Pickin' & Grinnin', |
Celtic Colours 2002
at Judique Community Centre
in Judique, Cape Breton, NS
(17 October 2002)
I'm back in Judique this evening, very interested in the players listed tonight. I've heard much about Brian Doyle over the past few weeks, and from the media it seems Alison Brown is a big name from somewhere.
Judique has been a guitar venue for Celtic Colours since the festival's beginning thanks in part to local couple Bill and Leona MacDonald, who are active in the Highland Guitar Society. The society meets in Judique for open jam sessions every second Sunday for most of the year.
By the time I walk up to the front, Brian Doyle is on stage with his guitar. Those used to reading my reviews know that guitar is my favorite sound. I wished I could forget my review and just enjoy his playing but if I didn't take notes, this wouldn't get written. Brian emceed; unobtrusive and respectful, enabling the audience to relax and enjoy. After Brian's pickin', Ian Carr from the UK had the crowd grinnin' when he named his first tune "somebody's farewell to something." He gave us a taste of Swedish polskas; I think these could have been left at home and nobody would have been hungry. "Amberanna" a jumpy, lightly funky tune, was more enjoyable.
Fine Friday played a few pretty lively tunes with some Norwegian sounds, and though Nuala Kennedy and Anna-Wendy Stevenson were adept with flute and fiddle, it was Kris Dreaver, the guitarist, who stole the show. There wasn't a part of him that wasn't moving as they continued into their numbers. He was almost as amazing to watch as he was to listen to. When he joined Irish banjo player Eamonn Coyne in a mesmerizing duet, his guitar pulsed like a drum beat. Eamonn's banjo had a large, white, flat-top rimmed in gold with a long, sleek, ebony neck. Up until now, I always thought banjos were modest creatures.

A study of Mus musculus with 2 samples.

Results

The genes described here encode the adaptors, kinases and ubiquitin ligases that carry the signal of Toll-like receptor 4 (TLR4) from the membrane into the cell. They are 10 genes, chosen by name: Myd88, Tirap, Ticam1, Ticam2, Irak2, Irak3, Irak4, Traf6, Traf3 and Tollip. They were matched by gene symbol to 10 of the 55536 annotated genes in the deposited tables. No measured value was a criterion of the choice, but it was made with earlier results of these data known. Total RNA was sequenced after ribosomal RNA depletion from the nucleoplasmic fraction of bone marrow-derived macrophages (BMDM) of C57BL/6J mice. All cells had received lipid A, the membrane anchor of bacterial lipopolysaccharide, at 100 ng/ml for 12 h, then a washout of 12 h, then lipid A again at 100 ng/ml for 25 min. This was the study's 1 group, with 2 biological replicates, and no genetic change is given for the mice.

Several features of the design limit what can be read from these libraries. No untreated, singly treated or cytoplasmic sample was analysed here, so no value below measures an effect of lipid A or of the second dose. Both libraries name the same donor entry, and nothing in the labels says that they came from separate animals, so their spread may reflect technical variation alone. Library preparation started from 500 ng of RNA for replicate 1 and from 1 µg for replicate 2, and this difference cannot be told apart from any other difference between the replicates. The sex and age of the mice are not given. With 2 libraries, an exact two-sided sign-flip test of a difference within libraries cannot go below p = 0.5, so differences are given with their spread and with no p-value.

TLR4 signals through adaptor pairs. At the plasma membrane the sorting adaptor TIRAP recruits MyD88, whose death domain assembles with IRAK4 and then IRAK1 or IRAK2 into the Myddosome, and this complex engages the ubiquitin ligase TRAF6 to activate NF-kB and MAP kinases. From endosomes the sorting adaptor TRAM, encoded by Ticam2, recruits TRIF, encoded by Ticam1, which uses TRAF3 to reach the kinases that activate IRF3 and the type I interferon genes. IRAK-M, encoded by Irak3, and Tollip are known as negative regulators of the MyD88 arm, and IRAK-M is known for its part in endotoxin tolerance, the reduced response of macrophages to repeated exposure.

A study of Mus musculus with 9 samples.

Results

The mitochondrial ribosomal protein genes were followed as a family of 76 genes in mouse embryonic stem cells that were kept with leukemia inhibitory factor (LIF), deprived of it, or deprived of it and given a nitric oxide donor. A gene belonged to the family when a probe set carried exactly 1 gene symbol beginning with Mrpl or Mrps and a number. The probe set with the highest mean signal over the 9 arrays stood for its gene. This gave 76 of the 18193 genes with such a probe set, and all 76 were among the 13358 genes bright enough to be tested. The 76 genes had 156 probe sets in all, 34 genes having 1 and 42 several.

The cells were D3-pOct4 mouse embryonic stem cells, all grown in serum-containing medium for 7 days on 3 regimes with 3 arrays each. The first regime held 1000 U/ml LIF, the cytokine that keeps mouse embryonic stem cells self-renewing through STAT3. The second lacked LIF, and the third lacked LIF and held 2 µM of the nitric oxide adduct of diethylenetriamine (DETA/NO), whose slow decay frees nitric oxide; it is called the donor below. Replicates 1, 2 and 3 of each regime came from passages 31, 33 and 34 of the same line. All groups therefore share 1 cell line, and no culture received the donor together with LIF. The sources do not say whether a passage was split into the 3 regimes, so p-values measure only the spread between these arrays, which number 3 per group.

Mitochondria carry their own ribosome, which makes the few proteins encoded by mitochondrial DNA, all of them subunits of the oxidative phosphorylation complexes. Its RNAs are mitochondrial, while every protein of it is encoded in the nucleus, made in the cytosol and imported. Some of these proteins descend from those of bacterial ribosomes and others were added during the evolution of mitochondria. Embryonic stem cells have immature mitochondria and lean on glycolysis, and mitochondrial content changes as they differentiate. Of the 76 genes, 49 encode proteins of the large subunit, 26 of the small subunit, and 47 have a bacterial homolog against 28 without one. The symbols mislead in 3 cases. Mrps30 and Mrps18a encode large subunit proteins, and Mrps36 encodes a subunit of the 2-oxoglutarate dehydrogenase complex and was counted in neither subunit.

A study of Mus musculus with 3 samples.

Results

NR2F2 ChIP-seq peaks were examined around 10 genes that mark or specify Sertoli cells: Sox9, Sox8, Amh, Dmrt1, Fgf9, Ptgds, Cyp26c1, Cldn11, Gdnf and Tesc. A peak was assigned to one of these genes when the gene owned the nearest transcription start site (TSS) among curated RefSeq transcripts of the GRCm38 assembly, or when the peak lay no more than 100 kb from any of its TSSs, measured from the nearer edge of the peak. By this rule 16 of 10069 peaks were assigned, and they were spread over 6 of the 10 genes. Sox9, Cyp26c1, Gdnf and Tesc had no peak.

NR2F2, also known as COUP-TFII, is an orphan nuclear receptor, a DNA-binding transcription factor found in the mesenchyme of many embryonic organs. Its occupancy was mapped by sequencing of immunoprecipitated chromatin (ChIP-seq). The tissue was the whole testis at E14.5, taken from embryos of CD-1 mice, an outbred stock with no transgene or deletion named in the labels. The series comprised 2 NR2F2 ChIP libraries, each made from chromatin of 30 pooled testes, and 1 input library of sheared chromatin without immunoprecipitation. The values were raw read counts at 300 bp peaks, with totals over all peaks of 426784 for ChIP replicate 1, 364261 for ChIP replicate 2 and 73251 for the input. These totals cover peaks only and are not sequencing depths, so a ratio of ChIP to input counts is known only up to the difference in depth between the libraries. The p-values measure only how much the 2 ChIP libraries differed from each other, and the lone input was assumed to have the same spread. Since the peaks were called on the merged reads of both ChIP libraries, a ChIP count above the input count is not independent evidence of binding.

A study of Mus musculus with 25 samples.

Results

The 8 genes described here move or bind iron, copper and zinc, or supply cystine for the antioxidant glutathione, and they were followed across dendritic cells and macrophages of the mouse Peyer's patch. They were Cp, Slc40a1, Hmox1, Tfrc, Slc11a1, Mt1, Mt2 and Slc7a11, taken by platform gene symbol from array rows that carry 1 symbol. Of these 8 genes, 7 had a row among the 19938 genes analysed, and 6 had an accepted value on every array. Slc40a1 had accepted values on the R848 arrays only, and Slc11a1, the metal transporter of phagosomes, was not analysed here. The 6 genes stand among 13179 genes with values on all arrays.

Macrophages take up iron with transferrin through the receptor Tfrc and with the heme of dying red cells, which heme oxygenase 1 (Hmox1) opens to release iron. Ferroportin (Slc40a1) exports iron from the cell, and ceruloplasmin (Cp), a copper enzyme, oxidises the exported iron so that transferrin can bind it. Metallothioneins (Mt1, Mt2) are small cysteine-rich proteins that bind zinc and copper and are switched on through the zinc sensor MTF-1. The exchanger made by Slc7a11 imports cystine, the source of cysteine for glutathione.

Brian opened the second half with a guitar solo that was so impressive that when he finished, an audience member stepped up to ask him if he had a CD. He hadn't, but let's hope that by this time next year it's available and that it's filled with the type of music he played here.
Then came the Alison Brown Quartet and the evening concert became a real show. This band's music and it's delivery were more polished and less folksy than the others, but they surely were just as enjoyable. John Burr, the piano player, gave the music a great lift -- I think I watched him most of the time they were on stage -- and Alison contributed to the grinnin' part with a few witty comments while introducing her numbers. Of course, her playing was impeccable and she made it look so easy.
I enjoyed the concert but I knew going in that local or traditional sounds wouldn't be a big part of the evening; there wasn't much in the line of Celtic sounds this night, but an imaginative diversity for open-minded guitar fans.